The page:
I particularly like the F-22 Raptor but I can not normally fly flights with such an aircraft, I always end up losing control of the aircraft !! You flying with the F-22 Raptor, could you give me tips on how to fly and etc ?? Thanks, if you have the same problem leave your experience there in the comments !!
When landing I suggest you keep your speed at 160 and don’t idle when you reach 20 feet, keep some power. Make sure to use trim too, at least 30%.
In what way are you loosing control? It shouldnt just become uncontrollable by itself.
If the aircraft is shaking about violently, you’re probably flying too low at too high a speed, so fly higher or fly slower.
I found that it’s best to start off with gentle manoeuvres, and then work up to the more aggressive stuff once you’re more confident.
As F22 has no Airbrake, I use Flaps instead(maybe in real life they brake with flaps) … set the flaps 5 then you can see the speed is decreasing rapidly.
I can’t even get it off the runway with out loosing control. I can barely fly it
Landing at 160 kts is too high for such an unstable fighter …you should be no more than 135-150 on touchdown with full flaps …unless you want to risk skidding off the runway…and then quickly employ your reversers until you drop to a manageable speed of around 60 kts and then you can do normal braking …IMHO…the best case approach scenario is to gradually lose airspeed within the final 8-12 miles and sort of glide in…also you have the luxury of an AP in this global version that was not available in the regional version of IF…so you do not have to be as methodical in coordinating the AOA with the throttle …which proved to be a much better training exercise in overall aviating proficiency when practicing with the fighter group !!!
The F22 doesn’t have thrust reverse anyway. Landing at 135kts will make a hard landing. Also, when approaching at the speed of 135kts you have a lot of nose up pitch.
130 is definitely too slow based on my experience. Also, the F-23 has no dedicated airbrake. I think they use a mixture of ailerons, flaps and rudder at the same time to create drag and reduce speed.
Taking off on F-22 requires nearly 55-60% N1, don’t push the throttle to full or you might loose aircraft control because of crosswinds. Landing and takeoff speeds depends on aircraft load, you can try setting fuel weight to 40 to 50 percent and keeping armament load to zero. With this weight setting you can takeoff at around 130 to 135kts airspeed and will be able to land the aircraft at 142 to 145kts airspeed and flaps set to 30 degrees. Try these setting and surely you will be able to have nice flights and landings with this aircraft.🙂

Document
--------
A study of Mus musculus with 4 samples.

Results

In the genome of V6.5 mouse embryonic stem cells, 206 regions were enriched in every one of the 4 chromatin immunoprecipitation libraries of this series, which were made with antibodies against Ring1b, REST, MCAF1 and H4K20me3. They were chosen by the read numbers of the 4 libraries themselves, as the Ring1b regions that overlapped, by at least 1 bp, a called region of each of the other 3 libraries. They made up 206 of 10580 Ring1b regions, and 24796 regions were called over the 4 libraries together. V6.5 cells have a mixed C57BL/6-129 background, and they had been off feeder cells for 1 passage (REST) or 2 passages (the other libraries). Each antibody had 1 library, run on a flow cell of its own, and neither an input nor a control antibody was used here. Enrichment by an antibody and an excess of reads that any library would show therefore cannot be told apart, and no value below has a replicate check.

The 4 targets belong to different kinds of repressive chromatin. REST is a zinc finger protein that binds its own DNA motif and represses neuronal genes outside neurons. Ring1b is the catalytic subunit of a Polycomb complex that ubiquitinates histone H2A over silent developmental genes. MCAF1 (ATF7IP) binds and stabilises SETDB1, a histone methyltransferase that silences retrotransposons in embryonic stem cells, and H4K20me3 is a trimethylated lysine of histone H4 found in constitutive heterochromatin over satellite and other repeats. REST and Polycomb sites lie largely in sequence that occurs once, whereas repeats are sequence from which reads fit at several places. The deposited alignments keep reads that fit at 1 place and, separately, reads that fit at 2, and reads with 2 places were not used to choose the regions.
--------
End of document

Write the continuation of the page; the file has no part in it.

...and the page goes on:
Don’t forget to use the rudder to take care of those pesky crosswinds. :)
Don’t taxi over 10-15 kts (Ground), or your plane might spin out or tilt to one side.
I find that 20-25 knots is fine on long, straight taxiways, but for turns, you do need to slow down to about 10-15 knots as @Cbro4 said. The F-22 has a tendency to speed up by itself even at idle power, so you’ll need to use the brakes regularly to keep your speed under control. I once ended up taxiing at almost 40 knots because of this.
I have already done some flights with this aircraft, I realized that in order to have the control of landings it needs a little speed, and for takeoff I use the power lever more or less in the middle, so I can fly
At anything past 1% throttle the F-22 will continue to increase in taxi rate to past 30 kts if you don’t continually monitor it…also l see a definitive difference in the flight physics in that you now can easily land it with full flaps and an AOA of about 05-10% positive vertical elevation rate to comfortably land at between 125-135 kts …whereas is the preglobal version you had to much more careful with nose touchdown at a final touchdown rate of 110-120 kts which was close to a complete stall…at least that is my experience so enjoy the aerodynamic tweaks that have made it a more forgiving airfoil to appreciate !!!
Yeah, I’m aware of the taxi speed issue. I find the F-22 much easier to land now. Just approach the runway with about 7-10° nose up attitude, and let ground effect do the rest. After touchdown I like to hold the nose up for as long as possible for aerodynamic braking.
Since you are part of the IFAEGAF group…do you all practice Immelmanns and other dogfighting maneuvers with the F-22 and F-14 in training exercises on a regular basis !!!